Senoir woman with hand on chestMAY 31, 2023, FAIRFAX, VA – Asthma is a chronic disease with no known cure. When it comes to treatment, many healthcare providers focus on symptom management using medications and trigger avoidance. But what do you do if your asthma is not well-controlled? And when is it time to see an asthma specialist?

Allergy & Asthma Network is launching a year-long awareness campaign on the importance of asthma control to improve respiratory health and quality of life. The campaign kicked off May 31 with the publication of a column, “Is Your Asthma Under Control,” in Better Breathing, a special supplement of USA Today. The supplement includes promotion of patient education websites and the Network’s free virtual asthma coaching program.

More than 25 million people, including 6 million children, live with asthma in the United States. The U.S. Centers for Disease Control and Prevention (CDC) reports that 60.1% of adults and 44% of children have uncontrolled asthma. Uncontrolled asthma involves frequent and intense episodes of asthma symptoms and can result in hospital or emergency department visits, and even death. Approximately 11 people die in the United States each day. Most of these deaths are avoidable with proper treatment.

Research shows many asthma patients believe their symptoms are well-controlled but are experiencing symptoms two times or more per week. Many also report limits to everyday activities, such as walking and doing household chairs.

“This underscores an urgent need to reject complacency and raise the bar for asthma control nationwide,” says Lynda Mitchell, interim CEO of Allergy & Asthma Network. “No one should accept poorly controlled asthma as part of their lives. This campaign aims to empower patients to work with their healthcare provider to better control asthma, and to consult an asthma specialist if symptoms worsen.”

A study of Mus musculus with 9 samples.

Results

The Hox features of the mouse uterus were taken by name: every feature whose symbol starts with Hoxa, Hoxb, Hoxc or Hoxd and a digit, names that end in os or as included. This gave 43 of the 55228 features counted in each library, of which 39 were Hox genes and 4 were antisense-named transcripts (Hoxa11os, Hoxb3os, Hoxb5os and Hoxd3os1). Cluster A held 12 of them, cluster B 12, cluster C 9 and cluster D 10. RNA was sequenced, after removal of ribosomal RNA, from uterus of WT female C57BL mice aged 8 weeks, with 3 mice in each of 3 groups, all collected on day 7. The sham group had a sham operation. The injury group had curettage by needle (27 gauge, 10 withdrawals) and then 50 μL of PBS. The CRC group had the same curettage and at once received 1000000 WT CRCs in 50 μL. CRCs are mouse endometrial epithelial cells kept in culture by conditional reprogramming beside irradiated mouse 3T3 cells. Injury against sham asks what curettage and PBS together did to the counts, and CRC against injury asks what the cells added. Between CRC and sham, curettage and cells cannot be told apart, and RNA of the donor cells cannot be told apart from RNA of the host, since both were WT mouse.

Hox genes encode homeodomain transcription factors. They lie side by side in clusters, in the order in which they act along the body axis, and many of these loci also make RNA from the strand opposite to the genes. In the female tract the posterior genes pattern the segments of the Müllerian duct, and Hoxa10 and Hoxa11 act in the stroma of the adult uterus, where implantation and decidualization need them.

What is asthma control?

When asthma is well-controlled, there are minimal symptoms and no limitations of daily activity. People with asthma should be able to do anything someone without asthma can do.

Asthma is not well controlled when people…

  • have asthma symptoms more than two days a week
  • wake up at night due to asthma more than two times per month
  • refill a quick-relief inhaler more than two times per year
  • take a course of oral corticosteroids two or more times per year

Some types of asthma are very hard to control. In addition, approximately 5-10% of people with asthma have severe asthma. Allergy & Asthma Network has developed web-based resources to help educate patients about asthma control, eosinophilic asthma, oral corticosteroids and biologic medications.

  • – Eosinophilic asthma is a subtype of asthma that is often severe. It involves high levels of eosinophils (white blood cells) in the blood, lung tissue and mucus. This can worsen airway inflammation. The website explains how eosinophilic asthma is diagnosed and reviews treatment options.
  • – A short course of oral corticosteroids is sometimes prescribed to treat asthma attacks. These pills can quickly reduce inflammation in the airways. Oral corticosteroids are not a long-term treatment and overuse can lead to significant side effects. This website discusses oral corticosteroid use and when to talk with your doctor about other treatments.
  • – Biologic medications work by targeting cells and pathways to block inflammation before it can start. Biologics can reduce eosinophils in the blood. They can open up the airways and help control breathing. The website details each of the biologic medications available and how they work.

“Asthma is different for everyone – it’s not a one-size-fits-all disease,” Mitchell says. “That’s why it’s important to develop a personalized treatment plan with your doctor. Well-controlled asthma is essential to living a full, active life.”

Asthma coaching can save lives

People with asthma often feel overwhelmed or anxious managing their condition. Coaching and care coordination can help  support better health outcomes. Allergy & Asthma Network offers free asthma coaching through its Not One More Life Trusted Messengers Program.

The program consists of six coaching sessions conducted online via laptop, smartphone or tablet. Patients learn how to manage asthma symptoms, review inhaler technique and medications, and track their progress over time.

Allergy & Asthma Network’s asthma coaches are certified asthma educators with additional licenses as respiratory therapists, physician assistants and nursing. “Asthma coaching is a valuable resource for people with asthma who want to better manage their disease and improve their quality of life,” Mitchell says.